Here’s How The Laundry Works Children

Hey Kids,

Big news! It was a good year. Your dad and I are feeling very fortunate. We were able to afford pants and underwear-for both of you! That’s two separate clothing items, you know.

I tell you this because there may have been some confusion around the home front. Judging by the dirty clothing I pull out of your hampers, you’ve both been misinformed to think that your underwear and pants is one unit. That’s why you take them off all in one, like a waiter who pulls the tablecloth out from under the dishes, right? Because you actually think they are one.

So just to be clear, your underwear is a totally separate clothing item from your pants. You put them on separately so it’s not clear when the garment lobotomy takes place during your day, but your underwear is not part of your clothing as if it were a man’s swimsuit with that built in net diaper to keep him from flashing his balls at the pool.

There actually seems to be a lot of laundry confusion happening in our house. Allow me to attempt to dispel some of it.

No, I don’t like doing laundry. Even if I’m smiling doing my tenth load someone else’s clothing, knowing full well I’ll have to wash another ten tomorrow and the next day after that, I’m not smiling because I’m happy. In fact when I picture myself being interviewed on “The Today Show” after I rake it with the lottery the very first thing I’m going to tell Matt Lauer is, “Now that I’m rich, I’m never doing laundry again. Ever.”

So when you wear a pair of shorts or a t-shirt for all of seven seconds before deciding you “want to with an entirely different look” for the day, put your clothes back with the clean stuff. It’s bad enough that I have to wash everyone’s dirty clothes. I’m not washing the clean stuff, too.

Your underwear and your pants aren’t a unit. They won’t cry if you separate them, but I’ll cry if I have to. See children your butts may be small, but they are still butts. The less time I can spend handling something your butt has spent a day in, the better. So here’s an idea, start by taking your pants off. Then, after pausing to catch your breath, take the underwear off. Sure, it’ll seem like that simple act of separation cost you hours of playtime, but it didn’t.

You have hands. When I see you kicking your pants off like a tiny little cockroach, I have to remind you, you have hands. Those hands work. You could use those hands to pull your pants off from the bottom, not the top, and you’d have already avoided the endless parade of inside out pants you leave for me to sort.

Right side out does not mean inside out. It may seem fun to leave me balled up socks and an entire laundry basket of inside out clothing, but it’s just a little less fun for me than you seem to think. See children’s socks should only be sorted by a Haz-mat team. Populations have been wiped out by what’s happening in your socks. So no, I don’t really want to right side out your socks or clothing But here’s an idea, you could do it!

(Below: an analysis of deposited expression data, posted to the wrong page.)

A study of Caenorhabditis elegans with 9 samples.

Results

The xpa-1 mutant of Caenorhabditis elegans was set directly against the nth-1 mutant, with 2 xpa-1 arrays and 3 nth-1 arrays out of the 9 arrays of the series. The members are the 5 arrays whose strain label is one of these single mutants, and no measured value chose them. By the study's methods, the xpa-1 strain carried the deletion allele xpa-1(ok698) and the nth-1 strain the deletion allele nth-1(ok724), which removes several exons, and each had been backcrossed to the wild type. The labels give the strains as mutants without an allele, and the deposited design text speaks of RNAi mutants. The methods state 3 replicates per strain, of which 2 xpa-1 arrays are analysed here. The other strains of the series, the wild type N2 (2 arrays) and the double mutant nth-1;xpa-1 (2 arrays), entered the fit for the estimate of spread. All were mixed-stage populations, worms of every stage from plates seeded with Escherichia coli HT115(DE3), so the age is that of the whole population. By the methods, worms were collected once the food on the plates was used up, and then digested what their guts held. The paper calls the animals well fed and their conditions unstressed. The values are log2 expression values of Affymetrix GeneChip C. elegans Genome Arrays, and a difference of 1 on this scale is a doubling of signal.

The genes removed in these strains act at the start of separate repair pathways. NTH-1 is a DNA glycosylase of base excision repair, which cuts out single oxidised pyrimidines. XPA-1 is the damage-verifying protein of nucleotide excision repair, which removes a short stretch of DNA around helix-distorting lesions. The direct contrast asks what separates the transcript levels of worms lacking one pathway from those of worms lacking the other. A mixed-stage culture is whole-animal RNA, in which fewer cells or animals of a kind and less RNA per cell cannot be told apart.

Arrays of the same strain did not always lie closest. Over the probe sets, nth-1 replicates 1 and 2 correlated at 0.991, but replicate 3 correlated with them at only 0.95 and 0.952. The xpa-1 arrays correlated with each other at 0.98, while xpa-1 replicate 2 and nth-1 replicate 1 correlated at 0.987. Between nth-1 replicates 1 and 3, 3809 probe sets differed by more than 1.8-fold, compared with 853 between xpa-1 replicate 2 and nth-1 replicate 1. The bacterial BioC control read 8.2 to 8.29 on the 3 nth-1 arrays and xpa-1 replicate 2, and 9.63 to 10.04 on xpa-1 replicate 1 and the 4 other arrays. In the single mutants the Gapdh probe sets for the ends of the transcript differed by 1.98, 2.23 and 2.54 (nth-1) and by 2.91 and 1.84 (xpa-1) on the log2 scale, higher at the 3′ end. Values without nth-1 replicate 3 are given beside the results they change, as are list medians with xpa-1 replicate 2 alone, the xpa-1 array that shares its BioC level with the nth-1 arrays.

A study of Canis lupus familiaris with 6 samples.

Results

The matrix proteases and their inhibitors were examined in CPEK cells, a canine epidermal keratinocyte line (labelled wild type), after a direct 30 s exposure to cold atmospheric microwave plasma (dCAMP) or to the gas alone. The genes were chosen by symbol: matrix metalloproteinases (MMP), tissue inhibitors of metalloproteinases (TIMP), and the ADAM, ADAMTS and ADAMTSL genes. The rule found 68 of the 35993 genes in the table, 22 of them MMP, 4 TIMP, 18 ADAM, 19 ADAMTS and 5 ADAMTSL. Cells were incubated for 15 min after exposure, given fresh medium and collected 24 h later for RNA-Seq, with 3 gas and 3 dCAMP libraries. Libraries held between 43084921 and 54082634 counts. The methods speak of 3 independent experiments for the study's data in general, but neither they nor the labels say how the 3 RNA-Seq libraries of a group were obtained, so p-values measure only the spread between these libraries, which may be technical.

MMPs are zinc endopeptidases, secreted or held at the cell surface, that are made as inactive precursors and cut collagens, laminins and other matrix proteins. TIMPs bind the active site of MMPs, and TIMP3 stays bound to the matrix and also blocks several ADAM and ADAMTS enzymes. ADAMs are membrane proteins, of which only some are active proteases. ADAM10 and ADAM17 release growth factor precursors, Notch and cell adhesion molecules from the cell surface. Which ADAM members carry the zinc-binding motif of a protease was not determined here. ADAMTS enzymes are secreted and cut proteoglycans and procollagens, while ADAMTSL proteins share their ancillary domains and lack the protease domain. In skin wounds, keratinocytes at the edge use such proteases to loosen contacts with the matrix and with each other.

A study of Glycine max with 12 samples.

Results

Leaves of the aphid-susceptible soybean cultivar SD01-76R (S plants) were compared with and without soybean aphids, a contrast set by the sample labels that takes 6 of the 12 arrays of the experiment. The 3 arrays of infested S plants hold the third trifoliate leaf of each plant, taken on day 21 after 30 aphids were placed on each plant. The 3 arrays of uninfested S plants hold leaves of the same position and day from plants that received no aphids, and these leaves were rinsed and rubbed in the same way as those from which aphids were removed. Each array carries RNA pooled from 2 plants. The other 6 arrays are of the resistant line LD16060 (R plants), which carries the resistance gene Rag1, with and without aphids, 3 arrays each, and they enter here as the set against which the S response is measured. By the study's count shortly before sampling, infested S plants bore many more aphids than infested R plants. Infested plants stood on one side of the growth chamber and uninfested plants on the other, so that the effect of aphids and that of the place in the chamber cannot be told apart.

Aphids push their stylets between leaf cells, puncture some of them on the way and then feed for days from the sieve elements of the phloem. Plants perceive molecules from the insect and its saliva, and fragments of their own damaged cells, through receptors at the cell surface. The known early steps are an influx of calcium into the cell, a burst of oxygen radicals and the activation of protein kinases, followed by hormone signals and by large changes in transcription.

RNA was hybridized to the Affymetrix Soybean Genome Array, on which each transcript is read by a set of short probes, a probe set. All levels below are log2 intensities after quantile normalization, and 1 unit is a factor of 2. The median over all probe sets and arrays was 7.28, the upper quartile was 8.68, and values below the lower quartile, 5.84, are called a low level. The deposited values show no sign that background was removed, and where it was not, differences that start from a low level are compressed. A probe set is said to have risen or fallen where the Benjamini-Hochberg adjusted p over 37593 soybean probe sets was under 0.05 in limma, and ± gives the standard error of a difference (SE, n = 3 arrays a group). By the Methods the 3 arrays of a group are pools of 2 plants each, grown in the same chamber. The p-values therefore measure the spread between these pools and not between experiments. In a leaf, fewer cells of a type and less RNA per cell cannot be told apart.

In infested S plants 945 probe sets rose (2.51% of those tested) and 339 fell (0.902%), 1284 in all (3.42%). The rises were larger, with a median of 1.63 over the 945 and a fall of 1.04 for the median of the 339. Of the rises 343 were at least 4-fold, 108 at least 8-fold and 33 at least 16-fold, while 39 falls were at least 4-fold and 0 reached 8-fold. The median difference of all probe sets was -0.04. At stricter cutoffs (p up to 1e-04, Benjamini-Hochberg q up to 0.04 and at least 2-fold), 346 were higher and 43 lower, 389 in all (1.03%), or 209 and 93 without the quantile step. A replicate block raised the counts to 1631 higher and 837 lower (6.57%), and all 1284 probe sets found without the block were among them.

Your shirt is not a napkin. This may feel like the equivalent of me telling you there is no Santa (sorry!), but I’m here to tell you your shirt is not a napkin. So though it’s sweet of you to leave me a sample of each and everything you ate or drank on your clothing, it would be much sweeter if you left it on say, a napkin.

Actually, I do have other things to do. It may seem like I’m never lonely because I have always have a shit ton of laundry to keep me company, but I’d actually prefer to be around people. Or sleep. I’ve never felt lonely when I’m sleeping, but I have felt horribly alone when I’m the only one in my house is awake and folding your clothes.

Your hamper is in your closet. Your floor is on your floor. What could easily be a one-step process of taking clothing off of one’s body and placing it inside the laundry hamper has a few added steps when kids are involved. So to clear up any confusion, the basket in the closet near which you throw your clothing is called a hamper. That thing you’re stepping on is called the floor. Aim for the hamper. It’ll save you all those steps.

If you don’t wear it, don’t unfold it. Remember when we learned I do have other things to do with my day other than laundry? Samesies applies to the folding the clothes portion of the laundry. If you didn’t wear it, there’s no reason your clothing should be balled up the sample sale rejects.

Now that you know that your undies and your pants won’t weep in each other’s absence, you know how laundry works children. So sort your own socks, separate your own underwear, and for God’s sake, pick your clothes up off the floor unless you’re marking your territory or warning me of land mines. In that case, the laundry is the least of our issues.


  1. I would like to humbly add a request that socks stay together. At least within the same room. Drives me crazy to find one sock in the kitchen and one on the stairs. Every day. I think my son’s socks may be the thing that causes me to finally snap.